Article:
So How’s That Pandemic Baking Going? For This Sourdough Starter And Its Baker, Two Loaves A Week Sounds About Right

Lizzie helps her mom, Julie Baker, whip up a cheesecake, filled with substitutions for white flour and sugar. Over the course of the pandemic, the Grand Junction family of six went from making traditional treats to following a popular nutrition program called Trim Healthy Mama.

It’s been nearly a year since COVID-19 lockdowns started to ripple across the country, keeping people in their homes, and enticing many, like Grand Junction resident Julie Baker, into the kitchen. 

As baking became a national fad, the part-time pastor started making more goodies with her four young children. It felt old world, grounded and practical. When their milk soured, they made sour-milk biscuits.

But then came a side effect of pandemic baking. Baker is pretty sure she can pinpoint the moment the family put the breaks on traditional treats. 

“I think my husband weighed himself and he said, ‘Oh my gosh, we've got to do something different!’” she said, her words punctuated by laughter.

They decided to follow a popular nutrition program called Trim Healthy Mama. Now, white flour is replaced by ingredients like oats, and a Stevia blend is used in place of sugar. But the act of baking still feels comforting and familiar.

Like so many pandemic bakers, Baker is figuring out how to take the hobby beyond quarantine and into her new life.

Courtesy Rose Petralia
Rose Petralia estimates she bakes two loaves of bread a week in her Grand Junction kitchen. She documents some of baking life on her blog, Junktown Cooking.

On a recent Saturday, Baker decided it was time to make her very first cheesecake, with plenty of substitutions, of course. Her children breezed in and out, and her buddy Craig White had stopped by to help. He laughed as he described one of their past baking fails: banana bread, without all the needed ingredients. 

“So we just added more butter because we didn't have enough eggs,” he said. “And it turned into like — it was like a brick. It was like banana brick.”

White has also been baking his way through the pandemic, though it was difficult in the beginning, back when yeast was as scarce as toilet paper. 

“You can call it luck, providence, whatever,” he said, but after three months of searching, he finally found the coveted staple in Target, hiding behind some Mountain Dew.

“It was like winning the lottery, finding that one jar of yeast,” he said, only a hint of exaggeration in his voice.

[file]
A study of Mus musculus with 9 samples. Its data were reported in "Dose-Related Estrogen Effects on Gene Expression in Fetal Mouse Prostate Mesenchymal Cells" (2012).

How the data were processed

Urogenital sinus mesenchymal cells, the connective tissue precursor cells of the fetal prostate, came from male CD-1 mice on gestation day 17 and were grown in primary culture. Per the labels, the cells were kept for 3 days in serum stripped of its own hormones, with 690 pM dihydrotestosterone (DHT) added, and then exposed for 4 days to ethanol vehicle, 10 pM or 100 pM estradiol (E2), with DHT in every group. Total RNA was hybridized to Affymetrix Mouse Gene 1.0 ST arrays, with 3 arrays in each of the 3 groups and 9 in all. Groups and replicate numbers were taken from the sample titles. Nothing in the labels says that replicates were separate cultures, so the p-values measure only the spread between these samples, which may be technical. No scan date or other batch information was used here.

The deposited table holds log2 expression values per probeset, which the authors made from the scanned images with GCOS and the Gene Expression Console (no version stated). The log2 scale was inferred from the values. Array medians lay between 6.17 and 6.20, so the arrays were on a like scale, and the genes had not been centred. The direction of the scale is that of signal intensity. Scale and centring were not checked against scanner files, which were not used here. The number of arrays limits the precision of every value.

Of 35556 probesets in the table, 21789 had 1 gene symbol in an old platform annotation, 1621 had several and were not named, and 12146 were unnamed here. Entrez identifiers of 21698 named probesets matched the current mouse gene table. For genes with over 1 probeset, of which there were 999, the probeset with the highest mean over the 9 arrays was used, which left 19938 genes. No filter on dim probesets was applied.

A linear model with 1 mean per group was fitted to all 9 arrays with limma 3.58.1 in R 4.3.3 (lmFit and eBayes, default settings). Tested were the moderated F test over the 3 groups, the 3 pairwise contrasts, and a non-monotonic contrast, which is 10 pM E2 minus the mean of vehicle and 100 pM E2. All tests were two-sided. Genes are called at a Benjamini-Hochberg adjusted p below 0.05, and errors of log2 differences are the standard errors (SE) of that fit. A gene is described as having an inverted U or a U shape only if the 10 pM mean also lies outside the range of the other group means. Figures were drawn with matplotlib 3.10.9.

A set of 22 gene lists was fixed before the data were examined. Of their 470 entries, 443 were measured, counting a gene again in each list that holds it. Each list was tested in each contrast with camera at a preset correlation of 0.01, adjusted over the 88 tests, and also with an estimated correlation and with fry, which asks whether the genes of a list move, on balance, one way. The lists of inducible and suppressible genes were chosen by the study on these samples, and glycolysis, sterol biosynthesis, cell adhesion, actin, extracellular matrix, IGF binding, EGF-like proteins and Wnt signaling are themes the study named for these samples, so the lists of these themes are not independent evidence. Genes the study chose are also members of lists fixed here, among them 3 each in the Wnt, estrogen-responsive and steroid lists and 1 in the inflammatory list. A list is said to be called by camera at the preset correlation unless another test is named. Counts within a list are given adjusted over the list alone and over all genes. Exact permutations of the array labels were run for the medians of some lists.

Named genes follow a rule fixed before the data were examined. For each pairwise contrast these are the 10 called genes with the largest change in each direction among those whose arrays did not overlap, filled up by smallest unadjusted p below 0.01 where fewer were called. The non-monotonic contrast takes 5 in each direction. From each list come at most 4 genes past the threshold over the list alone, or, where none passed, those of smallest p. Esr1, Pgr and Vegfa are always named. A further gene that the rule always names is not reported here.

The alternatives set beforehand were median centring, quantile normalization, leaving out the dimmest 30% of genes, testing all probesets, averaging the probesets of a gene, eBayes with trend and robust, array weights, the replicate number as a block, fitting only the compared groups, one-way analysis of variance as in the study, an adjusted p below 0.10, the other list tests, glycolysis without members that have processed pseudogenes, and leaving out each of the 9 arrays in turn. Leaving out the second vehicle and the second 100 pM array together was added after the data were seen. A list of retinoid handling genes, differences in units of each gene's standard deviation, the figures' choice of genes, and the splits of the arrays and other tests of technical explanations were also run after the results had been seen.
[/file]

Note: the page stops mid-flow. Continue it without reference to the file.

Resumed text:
“The mountains parted and made a way!” Baker replied. “That’s awesome!”

Hovering over her stand-up mixer, they could only hope luck would smile again. 

In a kitchen a few miles away, Rose Petralia has not drastically changed her baking habits in this past year, except for ramping them up. She’s spent much of the pandemic mixing together the same three ingredients: flour, water and bacteria.

The wet blob makes a funny, farty kind of noise, but if you work hard enough, it also makes bread. Petralia has had her sourdough mother so long that she’s even named her.

Stina Sieg/CPR News
Rose Petralia has spent the pandemic caring for (and making lots of bread from) her sourdough mother, a living culture, whom she's named Mavis.

“Mavis is a pretty strong culture,” she said. “She's a Wild West lady.”

And Petralia’s been able to keep her alive since just before the pandemic hit.

“It does feel pretty good,” she said, with lighthearted pride. “I mean, she's really nice to me. I can ignore her for two weeks and then feed her again. And she is just as beautiful as she was before.”

Sounds like a dream relationship for some people. 

“Yeah, it really is,” Petralia said, “and you get bread at the end.”

So much bread. She estimates she makes two loaves a week, Mavis’ golden offspring, which she sometimes documents on her blog, Junktown Cooking . While she shares her bounty with family and friends, she also jokes about how much bread she eats herself.

“A loaf of bread every week,” she said, the realization setting in. “Oh my God. That’s a lot.” 

And she invites me to join the club, with my own small jar of sourdough starter. She instructs me to feed Mavis Junior the night before I bake bread and then again in the morning. Yeah, it sounds simple, but if I know anything, it’s that nothing is certain until you open that oven door. 

Baker, the pastor and mom and four, knows that all too well. Her excitement was palpable as she finally got a peek of her inaugural cheesecake.

Stina Sieg/CPR News
Petralia gave a little bit of Mavis to a certain CPR News reporter, so she could try her hand at bread. Unfortunately, Mavis Junior did not flourish under her care.

“Oh my God. Look!” she exclaimed as her friend and kids gathered round.

Thanks to the alchemy of heat and leavening, care and time, the creamy white batter has puffed up and started to brown. Her 10-year-old daughter started to rib her for being 37 before reaching this milestone. 

“You know what?” Baker replied, laughing and smiling wide, “There’s little victories. That’s what COVID has taught us. You celebrate the little things!”

And I would love to end this story with my own little pandemic baking victory. But Mavis Junior, my sourdough starter, ended up escaping her jar, gurgling onto the counter, and when mixed with flour and water, turned sad, inert and flat. But I’ll keep trying, because there’s much more Mavis Senior to go around, and still some pandemic solitude left, as well.